Former Flagler baseball player gives back to campus
By Mari Pothier | email@example.com
Andy Hirko’s passion for his religion and concern for the students at Flagler College is evident the moment you meet him.
Hirko, a former Flagler College baseball player who was recently inducted into the Flagler College Baseball Hall of Fame All Decade Team, is now the college minister at Good News Church. Wanting to serve the campus, Hirko has started a program that offers free rides home from the local bars.
Hirko and Steve Meehan, a senior, drive to Panama Hatties on Thursday nights in the church van and hold a sign saying, “free rides.”
“We just want to be a light to the campus and community,” Hirko said.
According to the Associate Dean of Students and Chief Judicial Affairs Officer Dirk Hibler, there has been one DUI this semester and two last semester.
“We’ve been fortunate to have no one hurt,” Hibler said.
The reason for Hirko starting this program is to keep students safe and maybe in the process, help students look at church in a new light.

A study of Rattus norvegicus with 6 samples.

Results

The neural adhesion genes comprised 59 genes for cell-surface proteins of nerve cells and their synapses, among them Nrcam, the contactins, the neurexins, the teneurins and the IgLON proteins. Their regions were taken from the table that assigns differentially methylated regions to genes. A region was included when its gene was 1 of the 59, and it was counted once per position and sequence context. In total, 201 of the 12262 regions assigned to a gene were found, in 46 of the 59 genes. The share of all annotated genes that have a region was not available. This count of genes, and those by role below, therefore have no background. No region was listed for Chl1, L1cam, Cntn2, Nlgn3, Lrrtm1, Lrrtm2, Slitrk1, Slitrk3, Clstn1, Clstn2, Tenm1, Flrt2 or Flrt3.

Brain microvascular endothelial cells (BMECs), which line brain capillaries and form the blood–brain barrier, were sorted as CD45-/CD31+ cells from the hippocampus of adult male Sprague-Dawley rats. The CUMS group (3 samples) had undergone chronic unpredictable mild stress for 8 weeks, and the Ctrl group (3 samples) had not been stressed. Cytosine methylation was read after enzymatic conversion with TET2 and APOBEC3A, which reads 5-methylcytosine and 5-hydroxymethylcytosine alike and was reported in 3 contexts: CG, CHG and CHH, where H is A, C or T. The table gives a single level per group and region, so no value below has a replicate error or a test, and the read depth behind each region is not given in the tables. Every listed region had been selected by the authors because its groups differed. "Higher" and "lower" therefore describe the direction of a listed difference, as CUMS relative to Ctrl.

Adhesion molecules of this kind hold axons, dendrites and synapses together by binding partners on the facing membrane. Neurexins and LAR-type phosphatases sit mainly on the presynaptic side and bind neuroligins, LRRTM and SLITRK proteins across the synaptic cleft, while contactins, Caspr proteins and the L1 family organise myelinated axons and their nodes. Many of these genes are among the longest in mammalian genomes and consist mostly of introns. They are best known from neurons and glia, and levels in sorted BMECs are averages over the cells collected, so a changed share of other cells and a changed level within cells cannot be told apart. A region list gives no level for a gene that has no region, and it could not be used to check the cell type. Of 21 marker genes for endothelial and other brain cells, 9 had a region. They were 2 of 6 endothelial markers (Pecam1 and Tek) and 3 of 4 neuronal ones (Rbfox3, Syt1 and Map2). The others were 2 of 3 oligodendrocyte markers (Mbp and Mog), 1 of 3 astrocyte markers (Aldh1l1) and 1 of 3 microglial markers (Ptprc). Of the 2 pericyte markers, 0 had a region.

“We’re not going out to preach,” Hirko said.
Hirko and Meehan don’t stand outside the bar with the sign the whole time, but go and socialize with the people there.
“They’re my friends and I like hanging out,” Meehan said.
The reason for Meehan’s involvement is the fact that he has been in their shoes. Involved in drugs and drinking earlier in his life, Meehan turned to his religion and left that lifestyle behind.
“I have a heart for them,” Meehan said.
The owner and bouncers at Panama Hatties love what Hirko and Meehan are doing for the students and let them into the bar every week for free.
According to Meehan they have brought home an estimated 90 people and will also drive student’s cars home for them.
In their four weeks of providing this service they have helped save a man’s life who suffered from severe alcohol poisoning and was left alone by his friends.
“We’re there to serve,” Hirko said.
They generally go out around 10:30 pm and return home around 2:00 am. Meehan said he usually gets three to four hours of sleep those nights even though he has class in the morning.
“The whole purpose is to serve others,” Meehan said.
Hirko and Meehan knew from the start this was not going to be easy.
“We knew we were going to get our hands dirty,” Hirko said.
Hirko and Meehan plan to continue the program until the end of the semester.
“We’re there for protection,” Meehan said. “I want to be there to help.”